Instacart makes changes to tip policy following shopper complaints

Instacart continues to say that tip-baiting is rare and that less than 0.5% of orders have tips removed after delivery. It says tip totals have doubled for shoppers since the COVID-19 pandemic began. However, the policy change shows progress on how the company treats its shopper network, who have been essential as shelter-in-place orders keep people and the immunocompromised from going to grocery stores.

Instacart is now requiring customers who remove tips after delivery to leave feedback, and claims it will deactivate any customer who consistently removes tips. The company also said that it is reducing the tip-adjustment window (the time period for how long a customer can change the tip) from three days to 24 hours.

The smaller window, ideally, would limit the amount of time that a shopper needs to wait for a final tip.

Along with the tip changes, Instacart is updating its Instant cashout feature, first launched in 2019. Shoppers will now be able to cash out tips 24 hours after they complete a delivery for more immediate access to money. The company is also waiving all cashout fees for shoppers using Visa cards until the end of July 2020. Instant Cashout is also expanding to Canada.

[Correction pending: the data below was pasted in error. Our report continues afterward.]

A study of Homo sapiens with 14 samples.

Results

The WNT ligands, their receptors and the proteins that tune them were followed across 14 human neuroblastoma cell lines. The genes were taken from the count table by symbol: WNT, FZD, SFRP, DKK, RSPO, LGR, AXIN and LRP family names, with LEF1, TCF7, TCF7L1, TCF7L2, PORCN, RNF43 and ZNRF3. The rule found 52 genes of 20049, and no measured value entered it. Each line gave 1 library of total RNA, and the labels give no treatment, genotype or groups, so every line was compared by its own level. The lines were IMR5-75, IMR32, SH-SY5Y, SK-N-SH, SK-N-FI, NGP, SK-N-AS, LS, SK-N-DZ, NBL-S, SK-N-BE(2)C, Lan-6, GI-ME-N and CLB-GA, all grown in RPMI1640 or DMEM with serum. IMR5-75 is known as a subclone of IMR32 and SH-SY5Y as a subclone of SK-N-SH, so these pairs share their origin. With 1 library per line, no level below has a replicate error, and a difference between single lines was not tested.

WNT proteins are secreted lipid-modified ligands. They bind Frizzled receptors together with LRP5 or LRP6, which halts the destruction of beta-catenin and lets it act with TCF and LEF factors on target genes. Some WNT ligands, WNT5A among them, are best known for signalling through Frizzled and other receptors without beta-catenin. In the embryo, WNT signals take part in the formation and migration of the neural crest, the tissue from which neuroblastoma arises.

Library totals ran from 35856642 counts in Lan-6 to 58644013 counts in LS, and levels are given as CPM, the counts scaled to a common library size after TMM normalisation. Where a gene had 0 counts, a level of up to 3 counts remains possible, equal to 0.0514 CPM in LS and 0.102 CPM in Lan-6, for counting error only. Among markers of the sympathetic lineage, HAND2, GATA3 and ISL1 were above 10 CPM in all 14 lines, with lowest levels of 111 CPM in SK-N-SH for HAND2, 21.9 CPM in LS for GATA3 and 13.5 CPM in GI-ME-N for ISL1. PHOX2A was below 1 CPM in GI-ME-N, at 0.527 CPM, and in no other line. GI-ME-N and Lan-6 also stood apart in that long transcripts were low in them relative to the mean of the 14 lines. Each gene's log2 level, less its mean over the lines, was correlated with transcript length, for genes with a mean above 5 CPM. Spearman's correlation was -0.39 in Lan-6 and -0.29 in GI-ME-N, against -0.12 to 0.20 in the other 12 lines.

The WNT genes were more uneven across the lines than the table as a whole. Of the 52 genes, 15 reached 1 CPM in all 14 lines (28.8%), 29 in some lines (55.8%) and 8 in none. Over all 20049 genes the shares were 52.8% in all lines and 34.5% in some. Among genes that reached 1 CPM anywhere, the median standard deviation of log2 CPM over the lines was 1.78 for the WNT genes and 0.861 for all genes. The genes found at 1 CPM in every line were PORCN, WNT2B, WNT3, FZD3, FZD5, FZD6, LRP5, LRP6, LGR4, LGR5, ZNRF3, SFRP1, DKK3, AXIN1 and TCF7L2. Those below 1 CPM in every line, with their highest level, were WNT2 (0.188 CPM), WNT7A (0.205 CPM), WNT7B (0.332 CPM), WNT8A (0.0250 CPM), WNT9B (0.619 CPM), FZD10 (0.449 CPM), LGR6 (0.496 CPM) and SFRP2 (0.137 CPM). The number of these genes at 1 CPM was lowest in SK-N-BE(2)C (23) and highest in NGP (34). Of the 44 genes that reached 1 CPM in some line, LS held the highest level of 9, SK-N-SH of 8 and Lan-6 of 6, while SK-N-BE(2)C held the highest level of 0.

The news comes as Instacart’s shopper network continues to grow more disgruntled. For context, the company has announced plans to grow its shopper network by nearly 250% due to demand from the pandemic and shelter-in-place orders. Some shoppers say that aggressive hiring adds fuel to the fire and doesn’t address core problems with Instacart, like bugs in the app, tip-baiting or lack of safety kit distribution.

In March, Instacart shoppers went on strike to demand better treatment, including asking if Instacart could change the default tip percentage back to 10%. The policy change today does not include this change. The default tip percentage is 5%.

Gig workers are essential workers during this time. It is long overdue for Instacart to start making policy changes that treat them like it.